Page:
200MP smartphone cameras are going to be mid — fight me

Samsung Galaxy S23 Ultra
(Image credit: Laptop Mag/Sean Riley)

The Samsung Galaxy S23 Ultra is set to be the first big phone release with a 200MP camera. But there’s a problem: 200MP cameras are sort of average.

Sure, “200MP” is another striking number to stick on a spec sheet and wow people into buying the phone, but what do you get for that? From our experience, you’re getting noisier, more artificial-looking photos, and it’s going to take the industry a while to fix the key issues.

What’s the problem?

Megapixels sound great on paper, but there is such a thing as too many and therein lies the problem. Cramming more onto a sensor will make the camera more sensitive to noise and less so to light. 

Granted, companies try to get around this with pixel binning, which essentially combines a number of pixels into one through software. That does eliminate some of the problem, but what we’re seeing. 

Xiaomi 12T Pro

(Image credit: Future)

Among those who’ve tested these higher resolution cameras, however, concluded that there isn’t a significant difference. As the software goes into overdrive, some say there’s an overly artificial aesthetic to the pictures as the software goes into overdrive. 

You’re not just seeing this in 200MP phones, though, as people are preferring the more natural tones of the 12MP iPhone 13 Pro compared to the 48MP iPhone 14 Pro. It’s almost like the phone is working too hard against the constraints of the megapixel count vs. the lens’ aperture and sensor size.

In our review of the Xiaomi 12T Pro, we applauded the camera’s detail and its ability to be used as a telephoto because of the crispness of the lens (probably the real benefit of this tech). But in standard shooting, performance doesn’t necessarily outstip its lower-resolution competition.

Google Pixel 6a vs Pixel 6: What does the extra $150 get you?

(Image credit: Laptop Mag)

And you can see that people prefer truer colors, better low light performance, and a less processed finish over raw megapixel count. Need proof? Check out the winner of MKBHD’s blind smartphone camera test of 2022. Yep, the Pixel 6A — the same 12MP sensor that’s been around since the Pixel 3!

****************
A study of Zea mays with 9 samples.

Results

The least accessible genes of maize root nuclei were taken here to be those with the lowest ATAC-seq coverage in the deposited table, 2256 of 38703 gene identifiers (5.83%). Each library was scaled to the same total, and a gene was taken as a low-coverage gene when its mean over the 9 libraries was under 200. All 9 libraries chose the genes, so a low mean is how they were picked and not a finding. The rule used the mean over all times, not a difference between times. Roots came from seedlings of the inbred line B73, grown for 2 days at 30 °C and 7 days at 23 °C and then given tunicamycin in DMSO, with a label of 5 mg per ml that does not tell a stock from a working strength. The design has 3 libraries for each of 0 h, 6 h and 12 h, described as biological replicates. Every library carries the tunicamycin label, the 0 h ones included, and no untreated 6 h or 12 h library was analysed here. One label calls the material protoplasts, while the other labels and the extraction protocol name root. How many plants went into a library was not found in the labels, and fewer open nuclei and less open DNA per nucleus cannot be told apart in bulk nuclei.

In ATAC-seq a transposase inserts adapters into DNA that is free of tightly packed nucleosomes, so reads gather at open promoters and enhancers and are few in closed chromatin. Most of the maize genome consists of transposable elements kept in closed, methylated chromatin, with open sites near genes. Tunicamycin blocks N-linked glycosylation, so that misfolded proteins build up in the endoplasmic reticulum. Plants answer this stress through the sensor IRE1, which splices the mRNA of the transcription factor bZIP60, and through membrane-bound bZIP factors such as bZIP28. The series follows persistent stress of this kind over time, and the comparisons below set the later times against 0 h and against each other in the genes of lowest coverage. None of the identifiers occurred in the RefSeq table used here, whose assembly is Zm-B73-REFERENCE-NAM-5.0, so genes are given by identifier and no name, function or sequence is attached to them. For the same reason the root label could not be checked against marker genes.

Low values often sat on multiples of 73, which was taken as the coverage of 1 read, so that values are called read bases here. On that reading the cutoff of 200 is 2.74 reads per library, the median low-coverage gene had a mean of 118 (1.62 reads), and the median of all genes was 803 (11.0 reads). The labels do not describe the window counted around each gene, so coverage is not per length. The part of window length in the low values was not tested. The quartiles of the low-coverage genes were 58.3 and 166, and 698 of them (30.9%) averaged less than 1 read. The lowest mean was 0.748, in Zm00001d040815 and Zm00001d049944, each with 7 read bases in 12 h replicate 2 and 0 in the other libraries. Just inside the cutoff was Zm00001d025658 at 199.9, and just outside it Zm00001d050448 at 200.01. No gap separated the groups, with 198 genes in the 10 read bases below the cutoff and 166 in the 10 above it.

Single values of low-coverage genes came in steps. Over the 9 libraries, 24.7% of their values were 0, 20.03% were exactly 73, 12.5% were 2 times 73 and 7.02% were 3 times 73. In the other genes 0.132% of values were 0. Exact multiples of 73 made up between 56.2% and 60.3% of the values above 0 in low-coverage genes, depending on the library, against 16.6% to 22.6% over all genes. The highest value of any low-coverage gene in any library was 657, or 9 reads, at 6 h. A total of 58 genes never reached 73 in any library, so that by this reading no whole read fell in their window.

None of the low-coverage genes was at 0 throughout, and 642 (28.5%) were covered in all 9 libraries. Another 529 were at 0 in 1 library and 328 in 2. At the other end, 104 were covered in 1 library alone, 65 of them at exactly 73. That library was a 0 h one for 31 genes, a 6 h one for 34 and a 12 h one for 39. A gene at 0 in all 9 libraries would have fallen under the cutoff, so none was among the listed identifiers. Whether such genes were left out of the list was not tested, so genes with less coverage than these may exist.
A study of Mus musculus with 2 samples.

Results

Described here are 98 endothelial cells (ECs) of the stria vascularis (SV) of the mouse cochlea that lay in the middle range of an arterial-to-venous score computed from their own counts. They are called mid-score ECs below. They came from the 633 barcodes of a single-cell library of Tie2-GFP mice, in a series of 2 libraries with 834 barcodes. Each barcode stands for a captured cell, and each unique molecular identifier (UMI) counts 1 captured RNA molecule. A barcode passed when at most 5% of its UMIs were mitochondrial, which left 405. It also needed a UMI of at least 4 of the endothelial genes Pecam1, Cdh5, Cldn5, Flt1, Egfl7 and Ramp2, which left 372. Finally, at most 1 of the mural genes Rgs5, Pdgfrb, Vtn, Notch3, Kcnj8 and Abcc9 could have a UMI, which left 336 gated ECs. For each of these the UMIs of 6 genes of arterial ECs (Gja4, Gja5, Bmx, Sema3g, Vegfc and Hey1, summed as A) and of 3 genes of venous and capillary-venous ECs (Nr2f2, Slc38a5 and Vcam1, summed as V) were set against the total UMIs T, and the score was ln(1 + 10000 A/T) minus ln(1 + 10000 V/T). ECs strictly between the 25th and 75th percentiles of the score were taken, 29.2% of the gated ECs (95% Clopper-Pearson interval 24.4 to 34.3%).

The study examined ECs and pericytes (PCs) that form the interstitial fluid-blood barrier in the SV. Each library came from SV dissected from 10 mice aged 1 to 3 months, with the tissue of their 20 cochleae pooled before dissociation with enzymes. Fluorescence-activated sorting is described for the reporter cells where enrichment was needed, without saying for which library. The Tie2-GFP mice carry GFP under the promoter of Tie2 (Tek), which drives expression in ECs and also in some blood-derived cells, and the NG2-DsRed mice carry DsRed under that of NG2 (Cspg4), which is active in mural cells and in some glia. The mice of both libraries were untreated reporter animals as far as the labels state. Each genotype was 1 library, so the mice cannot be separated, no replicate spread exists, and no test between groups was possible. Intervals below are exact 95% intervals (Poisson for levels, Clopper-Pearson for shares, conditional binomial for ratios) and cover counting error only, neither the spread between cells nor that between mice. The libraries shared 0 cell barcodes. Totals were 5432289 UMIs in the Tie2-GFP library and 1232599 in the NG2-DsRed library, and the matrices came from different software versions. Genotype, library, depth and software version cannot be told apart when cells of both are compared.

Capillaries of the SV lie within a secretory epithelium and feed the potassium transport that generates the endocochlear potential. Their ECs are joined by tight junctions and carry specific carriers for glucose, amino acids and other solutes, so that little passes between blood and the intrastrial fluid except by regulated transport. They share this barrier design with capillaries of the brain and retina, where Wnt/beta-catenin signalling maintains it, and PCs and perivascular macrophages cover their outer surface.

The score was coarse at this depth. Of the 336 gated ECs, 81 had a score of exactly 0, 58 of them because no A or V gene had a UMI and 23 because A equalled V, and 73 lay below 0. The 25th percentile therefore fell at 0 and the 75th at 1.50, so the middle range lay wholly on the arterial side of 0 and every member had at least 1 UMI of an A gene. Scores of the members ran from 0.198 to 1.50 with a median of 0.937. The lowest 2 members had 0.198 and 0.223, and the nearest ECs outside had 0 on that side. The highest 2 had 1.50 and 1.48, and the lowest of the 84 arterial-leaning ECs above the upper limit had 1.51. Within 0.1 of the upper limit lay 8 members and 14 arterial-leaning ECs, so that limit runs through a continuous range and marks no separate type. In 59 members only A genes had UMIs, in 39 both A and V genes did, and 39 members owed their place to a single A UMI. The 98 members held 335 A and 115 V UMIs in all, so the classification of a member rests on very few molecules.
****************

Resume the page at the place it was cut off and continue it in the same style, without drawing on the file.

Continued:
Don’t get me wrong. The increase will result in plenty of clarity, and to the average joe who picks up one of these phones, the noise imperfections caused by trying to pack more pixels into something as small as a smartphone camera are not going to be noticeable. 

But color and contrast matter. As we try to do more in the same amount of space, and rely a lot more heavily on software to try and give us the “perfect” photo, the end result is not going to have the same natural color and contrast that we all want from a good smartphone shooter.

Will the industry fix it? Sure, over time. But my bet is probably going to be that while you’ll be able to do some insane zooms with a 200MP lens, it’s going to be pretty mid in regular use.

Jason England
Content Editor

Jason brought a decade of tech and gaming journalism experience to his role as a writer at Laptop Mag, and he is now the Managing Editor of Computing at Tom's Guide. He takes a particular interest in writing articles and creating videos about laptops, headphones and games. He has previously written for Kotaku, Stuff and BBC Science Focus. In his spare time, you'll find Jason looking for good dogs to pet or thinking about eating pizza if he isn't already.